Our response to the killing of Xanda the lion

21 July 2017

Two years after Cecil the lion was killed by a trophy-hunter in Zimbabwe, his son Xanda is reported to have met a similar fate.

Xanda, a six-year-old lion fitted with an electronic tracking collar by Oxford University researchers, was reportedly shot on a trophy hunt outside the Hwange National Park.

Tennyson Williams- Africa Director for World Animal Protection said:

“The senseless and cruel killing of Cecil’s son Xanda is unacceptable. This shows once again that the world must urgently act to protect animals in the wild.

“The rearing and killing of lions in the name of ‘entertainment’ must end. Trophy hunting often leads to prolonged suffering and fuels demand for wild animal products, leaving them open to further exploitation.

"Wild animals belong in the wild and should not prop up this sordid industry.

"Africa would benefit much more from an industry based not on hunting but on protecting lions. Kenya, the only African country where trophy hunting is completely outlawed, enjoys a vibrant safari industry, worth around $800 million to the annual economy.”

Despite international outcry following the death of Cecil, hunting lions remains legal in several southern African countries, including Zimbabwe.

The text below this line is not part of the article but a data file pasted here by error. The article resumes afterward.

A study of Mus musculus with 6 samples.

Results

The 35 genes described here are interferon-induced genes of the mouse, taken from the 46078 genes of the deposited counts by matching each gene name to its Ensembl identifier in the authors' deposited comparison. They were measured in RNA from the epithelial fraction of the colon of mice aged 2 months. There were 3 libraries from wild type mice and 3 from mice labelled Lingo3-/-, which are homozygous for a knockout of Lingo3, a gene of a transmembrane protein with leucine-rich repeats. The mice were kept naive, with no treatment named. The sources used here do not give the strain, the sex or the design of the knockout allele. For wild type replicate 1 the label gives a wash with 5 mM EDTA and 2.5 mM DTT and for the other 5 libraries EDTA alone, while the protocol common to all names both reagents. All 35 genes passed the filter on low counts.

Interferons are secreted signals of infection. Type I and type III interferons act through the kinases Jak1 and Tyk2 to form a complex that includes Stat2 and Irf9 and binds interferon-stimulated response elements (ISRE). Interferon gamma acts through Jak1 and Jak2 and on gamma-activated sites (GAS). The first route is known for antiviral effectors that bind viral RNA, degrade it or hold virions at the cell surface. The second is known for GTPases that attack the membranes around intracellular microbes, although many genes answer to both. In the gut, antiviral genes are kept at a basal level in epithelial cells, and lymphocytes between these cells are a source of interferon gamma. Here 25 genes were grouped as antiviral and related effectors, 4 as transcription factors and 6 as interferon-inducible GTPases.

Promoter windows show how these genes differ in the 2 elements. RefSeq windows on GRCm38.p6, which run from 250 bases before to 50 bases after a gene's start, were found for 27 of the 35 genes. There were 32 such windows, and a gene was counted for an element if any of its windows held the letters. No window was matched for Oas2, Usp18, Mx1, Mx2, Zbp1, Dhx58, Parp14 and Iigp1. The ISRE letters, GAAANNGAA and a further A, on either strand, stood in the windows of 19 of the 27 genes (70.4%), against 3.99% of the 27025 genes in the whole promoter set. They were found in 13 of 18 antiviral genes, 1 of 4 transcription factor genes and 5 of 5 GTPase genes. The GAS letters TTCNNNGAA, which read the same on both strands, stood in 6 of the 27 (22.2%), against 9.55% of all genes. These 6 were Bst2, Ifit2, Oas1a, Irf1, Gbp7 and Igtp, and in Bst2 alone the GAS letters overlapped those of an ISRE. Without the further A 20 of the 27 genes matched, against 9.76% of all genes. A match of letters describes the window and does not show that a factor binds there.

The death of Cecil, and now Xanda, shines a light on the cruel use of animals in entertainment and the trophy hunting industry.

Wildlife is a lucrative business, with animals such as lions being torn from their mothers at just a few weeks old.

These cubs can be kept in small enclosures with no shade from the heat, fed a poor diet, and are abused until they become compliant enough for photo opportunities or lion walks with tourists. They may then be sold into untracked trade chains that can end in the canned hunting industry.

All over the world wild animals face ongoing suffering in the wildlife entertainment industry. The time has come to put an end to this.

 

Image credit: Bert Duplessis

"Trophy hunting often leads to prolonged suffering and fuels demand for wild animal products, leaving them open to further exploitation."